We all know that tea leaves make a great brew for drinking both hot and cold, with or without milk or sugar. Some prefer lemon in their tea, or a chai massala. Here are a few uses for tea:

1. The first tip is one I often used with my children when they lost a tooth. If you have had a tooth pulled or a child has lost a tooth to stop bleeding, place i a dry clean tea-bag. Bite down gently. It will stop the bleeding and form a clot.

2. An astringent/skin toner: The tannin in tea makes an excellent astringent. Simply wipe a wet tea bag over your face.

3. Razor Burn: Tea bag will relieve the pain!

4. Cure canker sores: Place a wet tea-bag directly over the canker sore for several minutes. The tannin in the tea will draw out the moisture and dry it so that it will heal.

5. Infected cut: Soak a tea bag in cool water and place it over the site of injection to relieve the pain

6. Foot deodorizer: Boil a quart of water and add 6 tea-bags. Let it steep for about 15 minutes, and then let it cool completely. Pour it into a bucket and soak your feet in it for about 20-30 minutes. After this dry your feet completely and don’t wash or rinse them. The tannin in tea will close your pores, which will prevent further perspiration and it kills the bacteria which causes the odor. Also soak your tennis shoes in this tea mixture to help remove and stop the odor.

Tea is a great natural remedy for soothing sore throats, helping to loosen coughs, and terrific for upset stomachs.

7. Puffy eyes: Dip two tea bags in hot boiling water, quickly remove, allow them to cool completely then squeeze out excess water them out and apply them to your eyes for about 20 minutes. This also works if you use a used tea bag.

8. Hair rinse: Wash your hair with a cup of herbal tea after shampooing to make the hair silky and shiny

9. Ease the pain of minor burns: Allow boiled tea to cool completely and then apply it straight onto a minor burn including sunburns. The tea will act as an analgesic and relieve the pain. Do not use tea that contains honey, lemon, or milk, sugar or cream, as these may aggravate the burn.

10. Plant Fertilizer: Sprinkle tea leaves in your garden or around your plants. They work as an excellent fertilizer, and roses seem to thrive with them.

11. Tea in composting: I use used tea and also leftover tea in my compost bin as it accelerates the decomposition and creates an acid rich compost.

12. Dye fabric: Muslin fabric, or most natural fibers can be tea stained to appear aged. Brew tea same as you would to drink, or stronger for more colour, soak fabric in liquid until it appears a bit darker than you would like the fabric to be. Even soaking overnight will give a stronger colour. Black tea gives the darkest hue. Keep in mind that it will lighten as it dries. Finished items can also be tea stained in the same manner. An old blouse, or a piece of embroidery, or just about anything you can think of, can be aged in this way.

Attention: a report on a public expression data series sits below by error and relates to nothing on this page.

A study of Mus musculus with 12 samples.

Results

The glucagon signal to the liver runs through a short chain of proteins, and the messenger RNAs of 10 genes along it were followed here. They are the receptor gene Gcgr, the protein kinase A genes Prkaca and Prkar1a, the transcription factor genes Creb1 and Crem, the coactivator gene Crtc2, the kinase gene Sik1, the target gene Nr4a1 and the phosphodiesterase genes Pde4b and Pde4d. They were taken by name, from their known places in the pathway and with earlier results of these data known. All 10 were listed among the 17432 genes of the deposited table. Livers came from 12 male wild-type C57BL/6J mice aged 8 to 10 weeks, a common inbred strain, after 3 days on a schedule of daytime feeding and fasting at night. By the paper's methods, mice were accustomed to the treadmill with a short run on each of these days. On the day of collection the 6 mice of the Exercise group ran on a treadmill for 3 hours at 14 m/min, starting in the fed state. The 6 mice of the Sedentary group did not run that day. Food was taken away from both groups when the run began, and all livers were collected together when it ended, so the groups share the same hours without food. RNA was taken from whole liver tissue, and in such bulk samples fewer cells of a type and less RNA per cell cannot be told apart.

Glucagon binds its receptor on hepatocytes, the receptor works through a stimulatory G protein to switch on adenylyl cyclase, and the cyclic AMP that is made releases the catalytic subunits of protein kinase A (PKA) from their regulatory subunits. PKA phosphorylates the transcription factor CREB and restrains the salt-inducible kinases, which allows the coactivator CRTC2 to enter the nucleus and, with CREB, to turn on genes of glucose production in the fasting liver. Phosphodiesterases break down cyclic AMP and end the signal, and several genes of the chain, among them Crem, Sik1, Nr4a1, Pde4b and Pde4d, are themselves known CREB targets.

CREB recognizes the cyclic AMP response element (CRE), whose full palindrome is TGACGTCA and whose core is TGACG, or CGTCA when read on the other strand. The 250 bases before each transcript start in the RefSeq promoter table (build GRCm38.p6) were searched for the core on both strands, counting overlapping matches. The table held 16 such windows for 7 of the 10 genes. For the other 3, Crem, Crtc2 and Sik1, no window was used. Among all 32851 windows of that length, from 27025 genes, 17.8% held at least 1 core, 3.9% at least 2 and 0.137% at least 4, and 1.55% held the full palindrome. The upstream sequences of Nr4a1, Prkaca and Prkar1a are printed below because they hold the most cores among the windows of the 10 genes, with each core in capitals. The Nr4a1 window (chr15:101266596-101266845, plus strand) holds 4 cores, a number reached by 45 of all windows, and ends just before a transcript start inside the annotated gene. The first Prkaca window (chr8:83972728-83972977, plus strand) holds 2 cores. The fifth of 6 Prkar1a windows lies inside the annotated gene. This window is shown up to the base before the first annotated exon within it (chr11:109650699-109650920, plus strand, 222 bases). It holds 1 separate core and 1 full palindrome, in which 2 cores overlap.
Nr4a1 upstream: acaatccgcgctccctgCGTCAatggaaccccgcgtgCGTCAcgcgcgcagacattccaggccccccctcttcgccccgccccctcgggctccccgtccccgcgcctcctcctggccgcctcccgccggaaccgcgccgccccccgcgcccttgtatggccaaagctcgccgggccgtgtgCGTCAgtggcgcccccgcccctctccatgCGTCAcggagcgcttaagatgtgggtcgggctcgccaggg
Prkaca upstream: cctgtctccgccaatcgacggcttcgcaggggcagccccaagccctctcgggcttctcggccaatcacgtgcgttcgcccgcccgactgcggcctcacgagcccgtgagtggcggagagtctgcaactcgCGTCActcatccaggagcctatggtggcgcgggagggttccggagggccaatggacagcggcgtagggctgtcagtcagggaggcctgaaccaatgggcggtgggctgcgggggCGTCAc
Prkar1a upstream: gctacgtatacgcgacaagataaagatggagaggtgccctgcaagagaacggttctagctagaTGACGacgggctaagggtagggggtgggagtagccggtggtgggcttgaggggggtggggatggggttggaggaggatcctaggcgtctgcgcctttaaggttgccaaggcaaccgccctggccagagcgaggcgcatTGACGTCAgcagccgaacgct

13. Make the wood shine: Clean wood furniture or wood floors with a soft cloth dipped in a freshly prepared tea to add shine to them. I alternate moppings of my teakwood kitchen floor with strong tea and white vinegar.

14. Cleaning mirrors: Dip a soft cloth into a tea solution and clean the mirrors for extra shine.

15. Potpourri: Dry tea leaves out of a teabag make a wonderful potpourri. Just dump in small dishes and place all around the home. Makes for a light, natural scent. You can add oils to the leaves if you desire.

16. Dish Detergent: Have a caked on grease cooking pan? Drop a tea bag into it and allow to soak over night. The acid in the tea helps to break down the caked on grease.

17. Tea Marbled Eggs: Infuse boiling water with tea leaves to give eggs a marbled appearance on the whites when hard boiled. Prior to the final minutes of cooking, the eggshells are slightly cracked, thus allowing the teas to seep through and create this magical “marbled” effect; either green or black teas are great for this. Spices are often added to this mixture for “Son-In-Law Eggs.”

18. Rubs: Dried leaves can add crunch and flavor for rubs to coat fish, meat or poultry or to be used as a garnish, particularly young green or white tea leaves. Smoked teas lend a deep, dark smokiness to poultry and seafood. I like using Russian Caravan or Lapsang Souchong for an extra special taste to infuse foods with a smoky quality.

19. Braising liquid: Brewed tea can be used as a braising liquid, or as a seasoning for marinades. As the base for a sauce, fruit juices gain depth of flavor with the addition of tea. A small handful of tea leaves adds an herbaceous flavor and a golden glow to cream sauces.

20. Tea in baking: Add tea to a cake or shortbread for a special taste. Melt butter with tea leaves in it, allow to stand for a few minutes and then sieve out the leaves. Chill the butter to firm and proceed with your favorite recipe for icings or cakes.